It may not be obvious to the members of a high performance team, but it’s quite possible — if not likely — that they approach their work as systems thinkers. In fact, their very success as a team may be because of their systems thinking approach. How can they engage in systems thinking without knowing it and how do the principles of systems thinking lead to their success as a team?
Teamwork is any dynamic process that emerges based on the interactions of individuals who are working toward a common goal. Team members bring their unique knowledge and expertise to the common endeavor that everyone is working on, and sometimes their knowledge is very specialized and diverse. But team members also bring individual behaviors, and it is largely their interactions with each other that determine the team’s performance.
High performance teams in particular almost always have certain attributes. The members have a shared goal, and are all aligned around that goal. They have defined roles and work processes for improvement. They know who is going to do what, and when, and how. They use feedback data to make data-driven decisions. They have leadership support or the ability to seek support as needed.
Most importantly, they recognize interdependencies among the team members, the team, and their organization. They accept that change is a given, and due to complexity and specifically what we call dynamic complexity, they know how to manage for that. There is a high level of collaboration and openness to new practices.
Similarly, systems thinkers see a situation and an environment as a web of interdependent relationships that are always changing, and they know that if they tweak something in one place in the system, it will have ripple effects elsewhere in the system.
If they try to improve performance in an area, among the steps they take before making any intervention is to go get data and talk to other people in other departments or functions, and ask themselves, ‘If we do this, what will the consequence be elsewhere?’ They learn about the consequences. They manage the web of interdependencies and relationships rather than trying to optimize any one part, and as a result, they gain insights about leverage points and unintended consequences that may be counterintuitive or seemingly unproductive for one part of the system. They then make the necessary interventions and continue to work toward their common goal.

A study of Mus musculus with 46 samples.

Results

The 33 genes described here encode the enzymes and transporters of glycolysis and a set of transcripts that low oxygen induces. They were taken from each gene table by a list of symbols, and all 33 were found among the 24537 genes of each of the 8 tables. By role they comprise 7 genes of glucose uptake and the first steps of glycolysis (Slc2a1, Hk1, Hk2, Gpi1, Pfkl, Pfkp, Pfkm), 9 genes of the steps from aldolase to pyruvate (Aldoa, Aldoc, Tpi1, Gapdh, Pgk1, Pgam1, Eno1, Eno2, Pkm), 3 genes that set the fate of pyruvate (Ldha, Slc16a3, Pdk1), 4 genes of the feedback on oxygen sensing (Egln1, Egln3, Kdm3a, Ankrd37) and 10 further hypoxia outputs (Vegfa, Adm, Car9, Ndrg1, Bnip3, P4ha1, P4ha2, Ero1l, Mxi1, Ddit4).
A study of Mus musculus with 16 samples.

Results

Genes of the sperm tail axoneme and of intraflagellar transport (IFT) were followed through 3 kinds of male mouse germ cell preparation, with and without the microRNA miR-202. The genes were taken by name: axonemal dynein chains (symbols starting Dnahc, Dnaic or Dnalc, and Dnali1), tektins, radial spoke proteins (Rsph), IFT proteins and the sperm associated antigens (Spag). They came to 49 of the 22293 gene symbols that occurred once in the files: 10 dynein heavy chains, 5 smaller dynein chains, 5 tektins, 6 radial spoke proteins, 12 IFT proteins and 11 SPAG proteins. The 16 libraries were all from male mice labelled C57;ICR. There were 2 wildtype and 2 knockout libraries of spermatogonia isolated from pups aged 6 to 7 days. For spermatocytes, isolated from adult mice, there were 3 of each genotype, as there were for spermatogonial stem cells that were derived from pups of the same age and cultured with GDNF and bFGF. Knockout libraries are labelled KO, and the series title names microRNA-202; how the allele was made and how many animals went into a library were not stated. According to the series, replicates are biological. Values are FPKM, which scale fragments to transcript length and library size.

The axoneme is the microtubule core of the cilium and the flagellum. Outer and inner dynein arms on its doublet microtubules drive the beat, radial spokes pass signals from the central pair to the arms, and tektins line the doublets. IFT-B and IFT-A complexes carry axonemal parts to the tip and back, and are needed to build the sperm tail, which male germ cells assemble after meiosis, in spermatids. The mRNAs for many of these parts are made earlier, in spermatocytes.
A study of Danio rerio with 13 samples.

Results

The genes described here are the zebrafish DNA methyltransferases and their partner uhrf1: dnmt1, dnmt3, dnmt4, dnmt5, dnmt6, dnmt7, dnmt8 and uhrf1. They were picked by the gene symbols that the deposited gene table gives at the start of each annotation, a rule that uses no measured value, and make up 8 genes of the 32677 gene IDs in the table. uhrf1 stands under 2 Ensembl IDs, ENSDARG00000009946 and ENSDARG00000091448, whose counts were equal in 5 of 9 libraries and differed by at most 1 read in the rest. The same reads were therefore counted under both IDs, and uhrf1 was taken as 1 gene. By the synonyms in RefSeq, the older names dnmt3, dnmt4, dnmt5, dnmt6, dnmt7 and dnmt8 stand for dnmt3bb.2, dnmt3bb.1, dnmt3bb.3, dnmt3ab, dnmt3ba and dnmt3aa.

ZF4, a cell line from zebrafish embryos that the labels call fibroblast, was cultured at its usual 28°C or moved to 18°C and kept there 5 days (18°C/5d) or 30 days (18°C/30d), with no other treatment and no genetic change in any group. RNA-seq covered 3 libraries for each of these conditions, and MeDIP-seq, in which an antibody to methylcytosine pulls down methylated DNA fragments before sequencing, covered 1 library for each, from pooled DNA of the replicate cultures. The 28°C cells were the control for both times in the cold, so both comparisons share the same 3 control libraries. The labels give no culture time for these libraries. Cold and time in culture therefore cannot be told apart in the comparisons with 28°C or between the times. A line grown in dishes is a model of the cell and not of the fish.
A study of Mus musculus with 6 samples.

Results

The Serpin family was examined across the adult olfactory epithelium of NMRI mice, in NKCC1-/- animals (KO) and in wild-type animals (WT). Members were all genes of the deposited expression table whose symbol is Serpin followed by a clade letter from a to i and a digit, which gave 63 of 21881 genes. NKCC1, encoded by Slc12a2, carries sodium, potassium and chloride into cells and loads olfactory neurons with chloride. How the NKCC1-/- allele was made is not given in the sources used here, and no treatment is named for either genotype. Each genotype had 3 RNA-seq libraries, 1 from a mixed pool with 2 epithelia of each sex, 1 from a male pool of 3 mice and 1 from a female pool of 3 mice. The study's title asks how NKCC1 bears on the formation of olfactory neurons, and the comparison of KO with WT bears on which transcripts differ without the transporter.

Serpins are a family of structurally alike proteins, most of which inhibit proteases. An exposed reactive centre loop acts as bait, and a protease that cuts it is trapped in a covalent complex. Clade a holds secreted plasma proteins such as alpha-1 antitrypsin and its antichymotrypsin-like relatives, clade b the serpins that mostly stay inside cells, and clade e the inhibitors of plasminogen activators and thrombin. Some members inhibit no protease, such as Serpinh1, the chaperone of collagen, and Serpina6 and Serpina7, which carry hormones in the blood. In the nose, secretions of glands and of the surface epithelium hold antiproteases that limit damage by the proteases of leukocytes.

Systems thinking is a discipline that focuses on how well a particular system is achieving its goals, and it helps people learn to make decisions and adjustments locally that align with system-wide performance requirements. In this way, it fits the description of a high performance team.
For teams that aren’t already performing at optimal levels, Friday Night at the ER is an ideal way to learn about and practice the core strategies of systems thinking. The tabletop simulation is a risk-free environment where teams can experience what happens when they share responsibility for performance beyond their own departments, remain open to new ideas, and use data for decision-making.
One team of senior leaders who played Friday Night at the ER as part of a recent study, for example, demonstrated significant gains in financial performance during the simulation as a result of applying three key principles of systems thinking — innovation, collaboration and data-driven decision making. Their experience, which is not uncommon, is detailed in the January 2021 issue of Healthcare Management Forum. See Applied systems thinking: The impact of system optimization strategies on financial and quality performance in a team-based simulation.
To learn more about the simulation and how teams can learn from it to improve their own performance, schedule a free demo today at email@example.com.